Why am I different?

Diagnosed with ADHD at 6, I knew I was different.

How did I know?

Almost failing out of 6th grade was a big red flag.

A hard time reading was another clue.

Why write this newsletter?

If I could turn back time... If I could find a way to tell my younger self what I know now... I would do it in a heartbeat.

Lacking time travel, I will go ahead and tell you what I wish I could tell him. That 19 year old barista reading self help books trying to re-program his brain.

The 23 year old college student pounding coffee to eek out enough focus to make it through his classes and 2 jobs.

I want to help him, tell him, that younger version of me to stop trying to fix himself and instead embrace the way his brain is wired.

I want to introduce him to so many others like him.

  • Unique thinkers using mind maps to connect ideas.
  • Problem solvers that seek out the dopamine rush solutions provide
  • Neurodivergent thinkers who struggle with boring multi-step sequences.

All through college, the unique habits he would pickup would be the keys to functioning well in a world of distraction.

But, so many question him, question us about our condition.

Is ADHD even real?

Yes. Absolutely. Neuroscience is just beginning to uncover the why, but emphatically the answer is yes.

Of the many factors, low dopamine seems to be a primary culprit.

To my younger self:

Remember back in college, when you would juggle, unicycle, take laps around the community college between classes? That was one way of squeezing out a little bit more dopamine, and helping you stay focused for the next class.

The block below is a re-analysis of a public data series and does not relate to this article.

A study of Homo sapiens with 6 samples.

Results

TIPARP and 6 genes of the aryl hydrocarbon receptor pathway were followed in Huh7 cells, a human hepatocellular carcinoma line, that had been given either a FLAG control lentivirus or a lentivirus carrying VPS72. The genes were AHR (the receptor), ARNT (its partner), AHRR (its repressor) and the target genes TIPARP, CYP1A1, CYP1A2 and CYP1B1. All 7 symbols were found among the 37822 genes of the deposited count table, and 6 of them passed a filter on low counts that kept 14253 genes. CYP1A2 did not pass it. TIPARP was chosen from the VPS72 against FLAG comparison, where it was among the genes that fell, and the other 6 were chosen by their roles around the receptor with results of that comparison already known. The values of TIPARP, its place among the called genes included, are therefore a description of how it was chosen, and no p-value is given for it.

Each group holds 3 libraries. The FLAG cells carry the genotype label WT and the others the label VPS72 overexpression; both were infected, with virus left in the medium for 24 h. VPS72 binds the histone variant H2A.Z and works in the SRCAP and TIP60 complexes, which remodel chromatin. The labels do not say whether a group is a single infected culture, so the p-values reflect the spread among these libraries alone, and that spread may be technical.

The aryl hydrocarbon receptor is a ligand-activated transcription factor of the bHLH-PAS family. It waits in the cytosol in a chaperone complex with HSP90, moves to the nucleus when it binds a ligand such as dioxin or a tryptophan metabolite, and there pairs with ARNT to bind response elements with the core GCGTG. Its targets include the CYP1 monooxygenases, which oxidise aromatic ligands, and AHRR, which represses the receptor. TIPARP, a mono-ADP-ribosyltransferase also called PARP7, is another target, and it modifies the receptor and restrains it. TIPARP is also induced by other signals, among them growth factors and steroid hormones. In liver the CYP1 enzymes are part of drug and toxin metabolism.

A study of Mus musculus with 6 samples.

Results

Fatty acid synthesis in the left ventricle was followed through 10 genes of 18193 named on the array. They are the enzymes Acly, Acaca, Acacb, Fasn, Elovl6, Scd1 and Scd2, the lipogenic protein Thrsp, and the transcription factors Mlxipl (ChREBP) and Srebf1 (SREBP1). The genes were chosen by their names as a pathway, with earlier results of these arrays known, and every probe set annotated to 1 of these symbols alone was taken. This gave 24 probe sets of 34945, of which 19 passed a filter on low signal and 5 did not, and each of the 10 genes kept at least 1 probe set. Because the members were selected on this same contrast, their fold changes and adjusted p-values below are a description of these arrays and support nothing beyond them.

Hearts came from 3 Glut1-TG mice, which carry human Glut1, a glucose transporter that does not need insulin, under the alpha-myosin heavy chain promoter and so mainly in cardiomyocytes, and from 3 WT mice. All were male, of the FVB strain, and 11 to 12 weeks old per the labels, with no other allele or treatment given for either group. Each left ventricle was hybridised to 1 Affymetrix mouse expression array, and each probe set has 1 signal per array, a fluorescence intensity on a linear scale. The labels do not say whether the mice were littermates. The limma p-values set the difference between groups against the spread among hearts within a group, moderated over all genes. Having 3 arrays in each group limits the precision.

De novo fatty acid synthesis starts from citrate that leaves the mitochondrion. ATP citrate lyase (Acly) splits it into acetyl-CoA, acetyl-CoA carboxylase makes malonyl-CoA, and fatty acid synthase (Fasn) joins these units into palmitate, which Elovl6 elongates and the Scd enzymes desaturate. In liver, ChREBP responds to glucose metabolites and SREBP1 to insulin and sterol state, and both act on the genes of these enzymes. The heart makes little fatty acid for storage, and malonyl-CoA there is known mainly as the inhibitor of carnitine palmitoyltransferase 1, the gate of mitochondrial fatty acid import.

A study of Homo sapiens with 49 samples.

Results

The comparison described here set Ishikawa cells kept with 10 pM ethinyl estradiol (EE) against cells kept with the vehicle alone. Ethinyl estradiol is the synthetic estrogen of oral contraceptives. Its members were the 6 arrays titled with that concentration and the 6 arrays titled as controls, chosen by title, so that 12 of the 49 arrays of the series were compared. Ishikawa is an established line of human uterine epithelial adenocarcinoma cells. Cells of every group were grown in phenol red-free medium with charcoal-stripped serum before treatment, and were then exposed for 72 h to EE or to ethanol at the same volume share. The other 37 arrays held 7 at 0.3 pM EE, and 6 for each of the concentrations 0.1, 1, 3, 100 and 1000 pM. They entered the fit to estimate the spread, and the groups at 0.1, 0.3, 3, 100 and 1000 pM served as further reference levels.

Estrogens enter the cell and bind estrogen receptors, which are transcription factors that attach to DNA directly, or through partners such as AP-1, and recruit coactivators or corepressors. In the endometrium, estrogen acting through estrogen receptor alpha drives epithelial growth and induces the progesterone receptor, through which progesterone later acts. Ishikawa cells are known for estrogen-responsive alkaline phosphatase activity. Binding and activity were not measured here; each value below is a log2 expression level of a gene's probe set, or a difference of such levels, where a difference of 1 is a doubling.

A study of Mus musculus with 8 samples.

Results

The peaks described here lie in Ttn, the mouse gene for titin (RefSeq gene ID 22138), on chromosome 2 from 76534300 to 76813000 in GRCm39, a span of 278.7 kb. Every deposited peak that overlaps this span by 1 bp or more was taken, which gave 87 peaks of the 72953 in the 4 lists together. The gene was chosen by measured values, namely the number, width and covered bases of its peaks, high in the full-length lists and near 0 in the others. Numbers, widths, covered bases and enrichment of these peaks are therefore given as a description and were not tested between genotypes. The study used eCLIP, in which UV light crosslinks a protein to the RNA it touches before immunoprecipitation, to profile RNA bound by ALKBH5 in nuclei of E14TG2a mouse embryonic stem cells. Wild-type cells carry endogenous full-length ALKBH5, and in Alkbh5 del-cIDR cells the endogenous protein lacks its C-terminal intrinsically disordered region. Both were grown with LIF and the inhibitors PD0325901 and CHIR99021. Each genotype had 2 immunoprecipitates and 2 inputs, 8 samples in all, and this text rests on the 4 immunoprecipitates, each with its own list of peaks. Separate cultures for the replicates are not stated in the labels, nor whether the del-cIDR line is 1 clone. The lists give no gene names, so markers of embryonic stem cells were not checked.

Even that rubiks cube you played with in math class. Moving the pieces around  while you listened to the lecture helped you to tune out the cacophony of thoughts raging in your brain.

Am I an Expert?

Hell no. I got no PHD. Got no certificate.

But... I do have my experience. I do have the CEOs, COOs, bosses and friends I have worked with, under, and around that all had ADHD, and all found what worked for them.

I have countless interviews. People have generously shared their experiences with ADHD. One day I may take on that tile of expert. But not today.

I'm simply a learner on a journey learning about my brain.

A learner discovering other people like me.

A learner discovering tactics and strategies that don't solve our ADHD, but rather help us press into our strengths. And sometimes... even discovering our weaknesses might be strengths in disguise.

And I have you, dear reader.

I want to learn from you. What would you tell my younger self, or yours?

What I want to share most of all

Younger self, we made it. That self doubting part of us lied.

We got married.

We have a corgi.

We work remotely, and still play with the Rubiks cube on long zoom calls.

We stopped owning a car 6 years ago, and ride a bike as often as possible (but also married into owning a car between wife and I).

Younger self, I want to tell you that life is good, even great at times. And you will still have ADHD.

I want to share the stories of other people that have found jobs, found habits, found patterns in life that work for their ADHD.

I want to share with you strategies that might work for you, right where you are. There is no perfect job. No perfect medication, or morning routine. No one solution that will 'fix' your brain. And that is ok. Accept who you are right now.

But know this.

Even though you will never be fixed. You will never be normal.

You can thrive.

I want to show you how, as I continue to discover it for myself.